In a recent column in The Guardian, Giles Fraser suggests reports in the early part of last century forecasting the death of religion were premature. Predictions that “religion would wither and die in the 20th century” have not come to fruition. In fact, according to Fraser, the reverse has happened.
He argues that the perception people are less religious can be attributed in large part to our society’s ethnocentric view of the world – we tend to see what is on our own doorstep. While religious affiliation is declining in the Western world, Fraser cites figures that show a massive increase in religious belief world-wide.
That this increase is occurring predominantly in developing countries leads Fraser to his cause-and-effect contention that religion is more appealing to the world’s poorest.
Much of Fraser’s argument is based on statistics and numbers. He writes that in the early 1900s, there were eight million Christians in Africa, now there are 335 million. While this would seem to indicate a huge increase in religious belief, he fails to acknowledge the enormous increase in the actual population throughout that time.
It would seem Fraser’s selective use of numbers alongside percentages is (to paraphrase Mark Twain) a case of “…lies, damned lies and statistics”.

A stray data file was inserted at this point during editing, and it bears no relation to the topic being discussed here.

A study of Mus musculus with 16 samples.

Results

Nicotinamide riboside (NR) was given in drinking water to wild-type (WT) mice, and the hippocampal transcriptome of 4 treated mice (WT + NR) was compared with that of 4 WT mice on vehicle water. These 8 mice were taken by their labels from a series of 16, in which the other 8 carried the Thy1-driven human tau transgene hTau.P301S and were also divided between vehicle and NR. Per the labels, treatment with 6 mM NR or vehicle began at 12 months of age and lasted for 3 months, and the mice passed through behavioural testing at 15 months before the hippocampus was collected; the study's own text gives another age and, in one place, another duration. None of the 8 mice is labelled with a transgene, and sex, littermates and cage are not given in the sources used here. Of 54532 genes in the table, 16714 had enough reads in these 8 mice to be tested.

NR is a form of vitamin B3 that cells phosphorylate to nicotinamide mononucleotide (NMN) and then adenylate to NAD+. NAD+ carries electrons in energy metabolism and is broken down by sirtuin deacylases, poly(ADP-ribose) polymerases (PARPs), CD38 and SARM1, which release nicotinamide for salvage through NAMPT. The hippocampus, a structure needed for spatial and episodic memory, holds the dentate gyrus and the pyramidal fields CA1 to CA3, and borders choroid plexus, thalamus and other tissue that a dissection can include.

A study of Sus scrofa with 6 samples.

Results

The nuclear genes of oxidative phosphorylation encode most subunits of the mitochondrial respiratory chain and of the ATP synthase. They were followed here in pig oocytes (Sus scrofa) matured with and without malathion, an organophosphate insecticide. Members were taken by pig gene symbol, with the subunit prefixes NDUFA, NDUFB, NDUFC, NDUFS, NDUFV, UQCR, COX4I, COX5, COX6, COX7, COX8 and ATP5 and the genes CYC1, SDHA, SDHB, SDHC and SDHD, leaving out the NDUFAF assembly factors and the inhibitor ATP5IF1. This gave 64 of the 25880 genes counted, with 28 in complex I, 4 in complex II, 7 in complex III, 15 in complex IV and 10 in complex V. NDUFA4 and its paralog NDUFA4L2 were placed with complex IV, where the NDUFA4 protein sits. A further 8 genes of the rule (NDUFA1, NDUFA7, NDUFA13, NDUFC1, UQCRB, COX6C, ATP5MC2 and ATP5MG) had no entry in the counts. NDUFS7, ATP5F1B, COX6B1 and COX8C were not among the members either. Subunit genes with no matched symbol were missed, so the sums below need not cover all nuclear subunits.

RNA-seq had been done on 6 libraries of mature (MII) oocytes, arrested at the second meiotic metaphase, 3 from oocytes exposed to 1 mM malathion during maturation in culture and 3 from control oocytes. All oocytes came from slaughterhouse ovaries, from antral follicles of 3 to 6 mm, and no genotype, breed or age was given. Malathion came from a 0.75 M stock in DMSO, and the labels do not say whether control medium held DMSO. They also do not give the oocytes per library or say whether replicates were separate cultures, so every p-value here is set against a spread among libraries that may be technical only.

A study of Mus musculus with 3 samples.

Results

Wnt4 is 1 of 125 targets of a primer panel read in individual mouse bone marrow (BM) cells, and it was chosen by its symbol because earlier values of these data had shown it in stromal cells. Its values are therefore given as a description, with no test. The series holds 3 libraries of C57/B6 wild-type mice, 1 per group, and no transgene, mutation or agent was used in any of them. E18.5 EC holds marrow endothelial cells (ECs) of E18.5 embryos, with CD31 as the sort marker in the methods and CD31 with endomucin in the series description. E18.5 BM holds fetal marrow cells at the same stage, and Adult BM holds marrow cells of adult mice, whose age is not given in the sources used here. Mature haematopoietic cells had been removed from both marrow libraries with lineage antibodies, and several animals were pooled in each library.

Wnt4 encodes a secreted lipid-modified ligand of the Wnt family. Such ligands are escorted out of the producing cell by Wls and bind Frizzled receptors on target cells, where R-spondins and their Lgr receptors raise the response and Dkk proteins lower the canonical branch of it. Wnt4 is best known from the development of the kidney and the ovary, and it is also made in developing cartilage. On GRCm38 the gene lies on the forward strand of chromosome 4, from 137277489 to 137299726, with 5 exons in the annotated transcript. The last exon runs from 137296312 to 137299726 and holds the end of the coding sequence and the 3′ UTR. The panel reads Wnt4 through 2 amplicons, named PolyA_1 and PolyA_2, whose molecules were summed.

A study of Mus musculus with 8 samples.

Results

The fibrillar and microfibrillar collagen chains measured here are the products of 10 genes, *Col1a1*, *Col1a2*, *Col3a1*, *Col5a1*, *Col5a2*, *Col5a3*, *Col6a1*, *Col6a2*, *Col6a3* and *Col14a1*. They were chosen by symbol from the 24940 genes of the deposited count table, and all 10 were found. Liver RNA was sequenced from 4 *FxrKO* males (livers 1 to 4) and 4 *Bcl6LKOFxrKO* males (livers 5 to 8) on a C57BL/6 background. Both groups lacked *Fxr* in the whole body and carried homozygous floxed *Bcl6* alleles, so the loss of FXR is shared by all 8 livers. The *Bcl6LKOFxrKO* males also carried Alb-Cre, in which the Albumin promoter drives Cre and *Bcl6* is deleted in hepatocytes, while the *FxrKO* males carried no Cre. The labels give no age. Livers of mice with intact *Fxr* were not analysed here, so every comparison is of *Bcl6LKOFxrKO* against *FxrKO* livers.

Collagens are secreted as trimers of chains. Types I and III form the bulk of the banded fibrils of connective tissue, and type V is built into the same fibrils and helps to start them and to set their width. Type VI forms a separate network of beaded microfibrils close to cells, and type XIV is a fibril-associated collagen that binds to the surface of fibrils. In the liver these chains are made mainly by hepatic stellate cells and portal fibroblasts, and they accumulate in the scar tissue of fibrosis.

What can’t be denied is that, as religious leaders in the West look with alarm at their ageing, rapidly dwindling congregations, churches throughout Africa and Asia in particular are standing-room only. Publishers of the bible can’t keep up with demand in countries such as China.
Fraser suggests that as individual wealth increases, people are less inclined to think of communal wellbeing. In societies where survival depends on the common good, people are more likely to ascribe to a collective set of values. Basically, he calls it the clash of God versus mammon. A battle that, in Fraser’s opinion, God will win.
Is religious belief dependent on poverty?
Can a wealthy person still be religious?